Trucker Protest Organizer Pat King Denied Bail, Joins Tamara Lich in Jail

Another leader of Canada's Freedom Convoy trucker protests has been denied bail based on his "substantial likelihood" to reoffend should he be released from custody.

Protest organizer Pat King was denied bail by Justice of the Peace Andrew Seymour on Friday during a hearing that had been delayed after the Crown applied to present new evidence against him.

King, who was among one of the most notable leaders of the 24-day occupation in Ottawa, will join one of his fellow organizers, Tamara Lich, in jail. Lich was denied bail on Tuesday and remains in custody.

King and Lich led thousands of anti-COVID mandate protesters in Canada in disruptive demonstrations that prompted Prime Minister Justin Trudeau to invoke the Emergencies Act for law enforcement officials to forcibly remove protesters and their vehicles after the convoy gridlocked the nation's capital for more than three weeks.

Inspired by the events in Ottawa, American truckers embarked on their own convoy this week to protest COVID-related restrictions in Washington, D.C., where 700 National Guards have been deployed in anticipation of their arrival.

King documented his arrest in a Facebook livestream last week and had hoped to get out on $50,000 bail, which a fellow protester offered to guarantee, but was denied on Friday after Seymour decided that King's release would harm the justice system's reputation.

Pat King Truckers Bail Protests Ottawa convoy
Freedom Convoy organizer Pat King was denied bail by Justice of the Peace Andrew Seymour on Friday. Above, hundreds of truck drivers and their supporters gather to block the streets of downtown Ottawa as part of a convoy of truck protesters against COVID mandates in Canada on February 10, 2022, in Ottawa, Ontario. Spencer Platt/Getty

The 44-year-old faces charges of mischief, counseling to commit mischief, counseling to commit the offense of disobeying a court order and counseling to obstruct police.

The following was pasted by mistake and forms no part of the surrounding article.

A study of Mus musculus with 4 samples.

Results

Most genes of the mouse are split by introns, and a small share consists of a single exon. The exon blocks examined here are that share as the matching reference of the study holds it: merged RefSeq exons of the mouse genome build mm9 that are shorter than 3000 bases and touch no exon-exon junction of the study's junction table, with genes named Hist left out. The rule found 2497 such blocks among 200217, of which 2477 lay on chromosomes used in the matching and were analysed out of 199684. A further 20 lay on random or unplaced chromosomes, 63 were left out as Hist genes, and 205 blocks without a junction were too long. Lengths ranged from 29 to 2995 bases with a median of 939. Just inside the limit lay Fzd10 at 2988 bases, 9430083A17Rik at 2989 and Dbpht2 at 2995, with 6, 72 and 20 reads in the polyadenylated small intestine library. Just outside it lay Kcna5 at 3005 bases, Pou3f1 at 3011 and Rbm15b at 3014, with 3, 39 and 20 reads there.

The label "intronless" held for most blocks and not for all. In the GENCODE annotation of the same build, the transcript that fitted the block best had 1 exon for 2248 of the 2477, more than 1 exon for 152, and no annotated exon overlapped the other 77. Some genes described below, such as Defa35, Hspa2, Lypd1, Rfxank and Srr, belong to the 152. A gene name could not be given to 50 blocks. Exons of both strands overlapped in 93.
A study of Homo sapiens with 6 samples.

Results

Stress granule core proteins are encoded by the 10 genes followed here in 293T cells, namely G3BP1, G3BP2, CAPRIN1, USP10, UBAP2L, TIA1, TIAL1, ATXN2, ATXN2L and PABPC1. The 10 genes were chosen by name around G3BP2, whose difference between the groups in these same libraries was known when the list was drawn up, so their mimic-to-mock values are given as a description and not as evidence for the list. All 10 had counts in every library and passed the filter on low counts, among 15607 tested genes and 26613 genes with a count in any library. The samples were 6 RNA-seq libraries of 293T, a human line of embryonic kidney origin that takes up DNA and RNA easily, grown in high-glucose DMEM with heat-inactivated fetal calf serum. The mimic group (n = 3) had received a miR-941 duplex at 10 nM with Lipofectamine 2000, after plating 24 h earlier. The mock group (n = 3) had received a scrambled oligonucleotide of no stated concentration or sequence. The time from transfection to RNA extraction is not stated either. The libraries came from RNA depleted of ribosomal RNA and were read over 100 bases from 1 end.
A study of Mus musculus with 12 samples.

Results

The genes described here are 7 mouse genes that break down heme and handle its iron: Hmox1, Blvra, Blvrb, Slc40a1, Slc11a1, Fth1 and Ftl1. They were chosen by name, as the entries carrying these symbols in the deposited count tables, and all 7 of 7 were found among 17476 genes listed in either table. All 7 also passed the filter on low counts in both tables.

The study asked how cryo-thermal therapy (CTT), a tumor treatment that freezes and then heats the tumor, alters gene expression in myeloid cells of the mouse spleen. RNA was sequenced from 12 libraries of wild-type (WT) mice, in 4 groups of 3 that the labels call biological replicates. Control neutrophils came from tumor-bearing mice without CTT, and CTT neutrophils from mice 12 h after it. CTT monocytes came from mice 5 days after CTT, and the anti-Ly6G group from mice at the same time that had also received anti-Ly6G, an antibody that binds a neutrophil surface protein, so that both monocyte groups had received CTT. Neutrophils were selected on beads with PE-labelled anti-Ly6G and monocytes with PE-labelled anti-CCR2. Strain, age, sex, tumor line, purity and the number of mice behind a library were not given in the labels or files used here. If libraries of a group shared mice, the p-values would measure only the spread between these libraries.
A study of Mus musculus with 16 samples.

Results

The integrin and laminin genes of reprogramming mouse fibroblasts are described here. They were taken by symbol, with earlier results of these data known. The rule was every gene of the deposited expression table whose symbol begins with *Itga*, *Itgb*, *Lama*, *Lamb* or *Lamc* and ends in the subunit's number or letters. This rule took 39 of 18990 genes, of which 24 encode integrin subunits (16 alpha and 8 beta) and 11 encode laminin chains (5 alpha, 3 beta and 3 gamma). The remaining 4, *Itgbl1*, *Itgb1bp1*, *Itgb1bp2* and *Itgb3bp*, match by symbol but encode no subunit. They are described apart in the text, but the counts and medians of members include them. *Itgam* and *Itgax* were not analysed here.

During the hearing, the Crown said it had five new documents of evidence, including charges against King that were filed in Alberta for illegal possession of restricted firearms, for which it wanted to reopen the bail hearing.

However, Seymour denied the application, citing the "potential unfairness and delay" of doing so.

Despite the new evidence, Seymour said he decided that King would remain in custody based solely on the information from the initial Tuesday hearing.

"The occupation of the downtown core was unprecedented in Canadian history," Seymour said. "It was not just a handful of people who were victimized, it was thousands who were held hostage by noise and disruption."

"Downtown streets descended into lawlessness," he added. "People were fearful to leave the homes. The offenses were an attack on the rule of law."

King's next appearance in court is scheduled for March 18.

While Lich and King have been denied bail, Chris Barber, another Freedom Convoy leader, was granted bail last Friday under the condition he would leave Ottawa within 24 hours and the province of Ontario by Wednesday.

Lich and Barber have been ordered not to contact each other and their fellow organizers.

The two have been named, along with Benjamin Dichter, in a proposed class-action lawsuit filed by Ottawa residents seeking $306 million in damages for the protest.

Lich is known for establishing the convoy's GoFundMe page, which was halted after it amassed more than $10 million. The crowdfunding platform began issuing refunds shortly after suspending the campaign.

Since then, the federal government has moved to investigate the donors supporting the protesters, with Trudeau noting that roughly half of the financial contributions aiding the demonstrators had come from the U.S.

Ottawa police said on Monday that 196 people were arrested in connection with the demonstrations and that 115 vehicles involved in the protests were towed.